This article is part of our special report EU-Africa Summit: Focus on youth, security, investment.
The issue of forced returns of migrants, as well as sexual rights, is blocking the publication of the conclusions of the EU-Africa summit, one week after the end of the debates in Abidjan. EURACTIV France reports.
Unity between the European Union and the African Union is already under severe strain, one week after the end of the joint summit, as the official conclusions have still not been published.
Dedicated to the future of youth, the summit focused mainly on the migration crisis, in the wake of the dissemination of reports on the slave trade in Libya, which scandalised international public opinion and drew strong reactions from leaders on both sides of the Mediterranean.
The issue of repatriation of migrants stranded in Libya was tackled by the leaders, who announced they would rapidly implement a return strategy for migrants, starting with the evacuation of a camp of 3,800 migrants stranded in Tripoli, announced the Chair of the African Union Commission Moussa Faki Mahamat.
However, since then, the question of these returns has blocked the summit’s common conclusions. At a meeting of the permanent representatives of the EU member states in Brussels on Wednesday (6 December), the lack of publication was deplored.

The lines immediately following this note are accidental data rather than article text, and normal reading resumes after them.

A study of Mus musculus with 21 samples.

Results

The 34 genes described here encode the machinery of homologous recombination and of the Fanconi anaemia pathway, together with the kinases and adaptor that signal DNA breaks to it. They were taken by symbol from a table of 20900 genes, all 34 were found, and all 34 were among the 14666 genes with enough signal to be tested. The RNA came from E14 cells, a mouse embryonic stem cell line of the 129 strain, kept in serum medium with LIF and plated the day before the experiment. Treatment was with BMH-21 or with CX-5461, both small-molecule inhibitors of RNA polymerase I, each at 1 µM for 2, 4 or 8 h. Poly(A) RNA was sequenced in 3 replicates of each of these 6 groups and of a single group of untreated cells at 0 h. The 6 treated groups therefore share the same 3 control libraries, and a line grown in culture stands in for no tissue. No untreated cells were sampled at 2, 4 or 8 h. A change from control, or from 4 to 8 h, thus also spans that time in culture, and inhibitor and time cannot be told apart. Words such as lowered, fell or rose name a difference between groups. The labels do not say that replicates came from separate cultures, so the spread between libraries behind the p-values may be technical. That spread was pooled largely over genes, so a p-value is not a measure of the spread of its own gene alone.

Voluntary or forced?
“The statement is still in the hands of the African Union. We hope for their confirmation as soon as possible on the final text,” a European source told EURACTIV France. Concretely, the sticking point is the question of forced returns.
“Europeans don’t appreciate the term voluntary,” according to a source at the African Union, “Every day we promise a resolution, it’s a joke, frankly.
The European Union wishes to see the question of returns mentioned in the conclusion. The African Union intends to mention specifically limiting the issue to voluntary returns only.
“Paragraph 73 on the voluntary return of migrants is the most important. It’s a matter of human rights, we can not force people to go back to countries where they will not be safe,” Ebba Kalondo, spokesman for Moussa Faki Mahamat, told EUURACTIV.
“We are refining the text of the statement, it’s a matter of language,” she added. “I think the publication time is quite normal, it takes time to make those decisions.”
Sexual and reproductive rights
Another pitfall is that of health and sexual and reproductive rights. This would be the first time they are included in a joint statement after an EU-Africa summit, according to a source at the EU. The conclusions of the last summit in 2014 carefully ignored the issue.
This time, the European Union is trying harder. Yet, on the African Union side, sexual and reproductive health and rights are not a point of discussion. “The issue of the mention of sexual and reproductive rights was rejected by African ministers at the summit,” a source at the AU said.
Sexual and reproductive rights have often been carefully avoided, since they include the issue of abortion, still very divisive in many European countries, but also in Africa. Illegal abortions in developing countries are one of the most common causes of maternal mortality.